Putting Donors at the Center of Your Thinking Can Cure an Ailing Fundraising Program
How healthy is your organization? Could it possibly be suffering from one of three diseases that are endemic to the nonprofit world?
Until recently, these diseases weren't anything to worry about. But donors are getting more demanding and less likely to tolerate the symptoms of these illnesses. Today, any one of these diseases could be life-threatening for your organization.
Nonprofit Navel-Gazing Syndrome
Does your newsletter (and/or Web site) contain any of the following?
- News about back-office staff.
- A photo of a well-heeled donor presenting a giant check to your organization.
- Photos of people standing around (possibly holding wine glasses) at your fundraising event.
- Articles with the sole purpose of educating donors.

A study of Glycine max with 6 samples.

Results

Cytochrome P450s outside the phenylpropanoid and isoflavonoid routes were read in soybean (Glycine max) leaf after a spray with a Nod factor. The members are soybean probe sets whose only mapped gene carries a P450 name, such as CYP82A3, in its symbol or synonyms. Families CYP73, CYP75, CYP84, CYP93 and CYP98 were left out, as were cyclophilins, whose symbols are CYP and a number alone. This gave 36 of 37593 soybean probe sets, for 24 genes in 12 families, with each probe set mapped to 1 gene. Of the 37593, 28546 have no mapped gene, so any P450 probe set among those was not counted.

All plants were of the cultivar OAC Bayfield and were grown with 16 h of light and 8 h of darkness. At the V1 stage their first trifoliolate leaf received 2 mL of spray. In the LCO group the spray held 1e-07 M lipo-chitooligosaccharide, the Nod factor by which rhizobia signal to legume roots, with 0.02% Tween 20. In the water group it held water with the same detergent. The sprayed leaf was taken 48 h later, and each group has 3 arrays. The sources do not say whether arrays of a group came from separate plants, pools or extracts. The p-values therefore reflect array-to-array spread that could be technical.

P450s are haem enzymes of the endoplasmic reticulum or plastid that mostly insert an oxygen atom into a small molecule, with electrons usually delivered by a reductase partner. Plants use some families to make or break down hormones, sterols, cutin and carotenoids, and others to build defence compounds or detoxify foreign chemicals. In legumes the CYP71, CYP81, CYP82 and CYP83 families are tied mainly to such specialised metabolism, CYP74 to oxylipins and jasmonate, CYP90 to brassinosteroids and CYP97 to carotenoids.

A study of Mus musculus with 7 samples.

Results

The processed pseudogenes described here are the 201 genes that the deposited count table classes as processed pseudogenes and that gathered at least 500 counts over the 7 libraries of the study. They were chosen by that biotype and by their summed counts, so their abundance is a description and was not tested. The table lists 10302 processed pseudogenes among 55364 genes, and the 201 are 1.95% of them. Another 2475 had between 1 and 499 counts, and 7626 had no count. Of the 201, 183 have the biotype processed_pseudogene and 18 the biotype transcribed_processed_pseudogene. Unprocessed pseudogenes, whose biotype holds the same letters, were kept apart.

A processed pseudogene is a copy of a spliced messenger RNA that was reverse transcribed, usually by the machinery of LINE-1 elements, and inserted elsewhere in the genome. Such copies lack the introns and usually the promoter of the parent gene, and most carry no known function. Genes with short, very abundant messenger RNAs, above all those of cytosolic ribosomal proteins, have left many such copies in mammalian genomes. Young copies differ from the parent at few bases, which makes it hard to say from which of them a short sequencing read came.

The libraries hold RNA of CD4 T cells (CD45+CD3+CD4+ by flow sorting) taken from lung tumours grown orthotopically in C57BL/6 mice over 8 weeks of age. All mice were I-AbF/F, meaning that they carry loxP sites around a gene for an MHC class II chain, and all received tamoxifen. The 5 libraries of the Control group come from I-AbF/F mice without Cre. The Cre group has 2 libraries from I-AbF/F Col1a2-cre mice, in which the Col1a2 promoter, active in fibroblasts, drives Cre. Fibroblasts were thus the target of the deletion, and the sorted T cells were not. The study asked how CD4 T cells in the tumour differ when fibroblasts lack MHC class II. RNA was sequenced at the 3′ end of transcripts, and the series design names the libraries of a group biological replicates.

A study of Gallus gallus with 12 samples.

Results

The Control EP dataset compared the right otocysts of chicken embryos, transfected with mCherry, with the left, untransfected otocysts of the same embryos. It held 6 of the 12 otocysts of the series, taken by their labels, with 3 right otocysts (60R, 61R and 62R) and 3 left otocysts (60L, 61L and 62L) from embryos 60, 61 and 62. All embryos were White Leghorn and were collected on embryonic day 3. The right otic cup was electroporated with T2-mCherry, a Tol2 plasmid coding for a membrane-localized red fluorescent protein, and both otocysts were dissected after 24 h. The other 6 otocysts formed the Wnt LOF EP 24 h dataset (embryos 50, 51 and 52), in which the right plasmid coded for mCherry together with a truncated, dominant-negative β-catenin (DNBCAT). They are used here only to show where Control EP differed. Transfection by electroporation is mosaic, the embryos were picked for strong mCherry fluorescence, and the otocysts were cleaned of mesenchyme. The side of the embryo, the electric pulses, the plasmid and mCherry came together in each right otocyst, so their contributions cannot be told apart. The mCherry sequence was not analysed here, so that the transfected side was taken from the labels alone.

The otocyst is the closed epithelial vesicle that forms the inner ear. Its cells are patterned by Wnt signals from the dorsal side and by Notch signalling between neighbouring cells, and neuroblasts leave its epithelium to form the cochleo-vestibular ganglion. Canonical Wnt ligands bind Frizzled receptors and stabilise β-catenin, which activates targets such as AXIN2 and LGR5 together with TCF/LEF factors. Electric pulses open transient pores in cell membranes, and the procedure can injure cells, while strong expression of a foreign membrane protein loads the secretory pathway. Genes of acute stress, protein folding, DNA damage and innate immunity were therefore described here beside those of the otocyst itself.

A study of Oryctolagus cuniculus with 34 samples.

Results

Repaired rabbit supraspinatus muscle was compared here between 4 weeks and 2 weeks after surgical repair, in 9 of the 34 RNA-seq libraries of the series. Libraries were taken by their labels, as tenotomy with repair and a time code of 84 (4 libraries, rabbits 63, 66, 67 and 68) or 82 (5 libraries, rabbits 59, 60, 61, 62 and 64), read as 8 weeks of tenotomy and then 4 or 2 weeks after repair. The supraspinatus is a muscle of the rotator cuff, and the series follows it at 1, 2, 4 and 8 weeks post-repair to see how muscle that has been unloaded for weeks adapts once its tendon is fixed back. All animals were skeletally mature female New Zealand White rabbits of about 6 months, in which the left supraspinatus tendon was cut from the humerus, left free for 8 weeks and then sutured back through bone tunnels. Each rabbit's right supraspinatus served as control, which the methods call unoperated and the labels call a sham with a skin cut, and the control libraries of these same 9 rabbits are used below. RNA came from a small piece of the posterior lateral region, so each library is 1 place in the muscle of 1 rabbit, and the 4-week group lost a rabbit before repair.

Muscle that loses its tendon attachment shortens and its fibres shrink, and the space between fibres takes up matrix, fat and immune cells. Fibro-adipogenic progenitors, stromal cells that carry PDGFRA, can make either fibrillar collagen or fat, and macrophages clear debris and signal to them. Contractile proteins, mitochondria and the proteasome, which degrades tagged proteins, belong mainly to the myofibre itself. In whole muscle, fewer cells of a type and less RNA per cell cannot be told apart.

If you answered yes to any of these, your organization may suffer from Nonprofit Navel-Gazing Syndrome (NPNGS). This condition causes nonprofits to believe that their own understanding of the world must be shared by others — especially donors. This leads to a lack of respect for donors who "don't get it." This elitist attitude prevents effective fundraising.
The reality is that donors simply aren't you. They're less schooled in the fine points of what it takes to accomplish your mission. Their view of what you do is less nuanced than your own. They are drawn to simplistic, even incomplete, descriptions of your work — and the strongest philosophical argument can leave them cold.
Organizations with advanced NPNGS sometimes don't even want support from "deficient" donors. They come to believe that they can get new and "better" donors who will appreciate them at a deeper level.
The sad truth is, they inevitably learn that there are few donors willing to spend the time getting "up to speed." (Fortunately, that doesn't means they're unwilling to give their money!)
Donors are interested in you because of what you help them do. You are their agent in their personal mission to make the world better. That should be the topic of all your fundraising. Not the inner workings of the organization. Not the accomplishments of notable others. Not the need for raised consciousness or philosophical buy-in.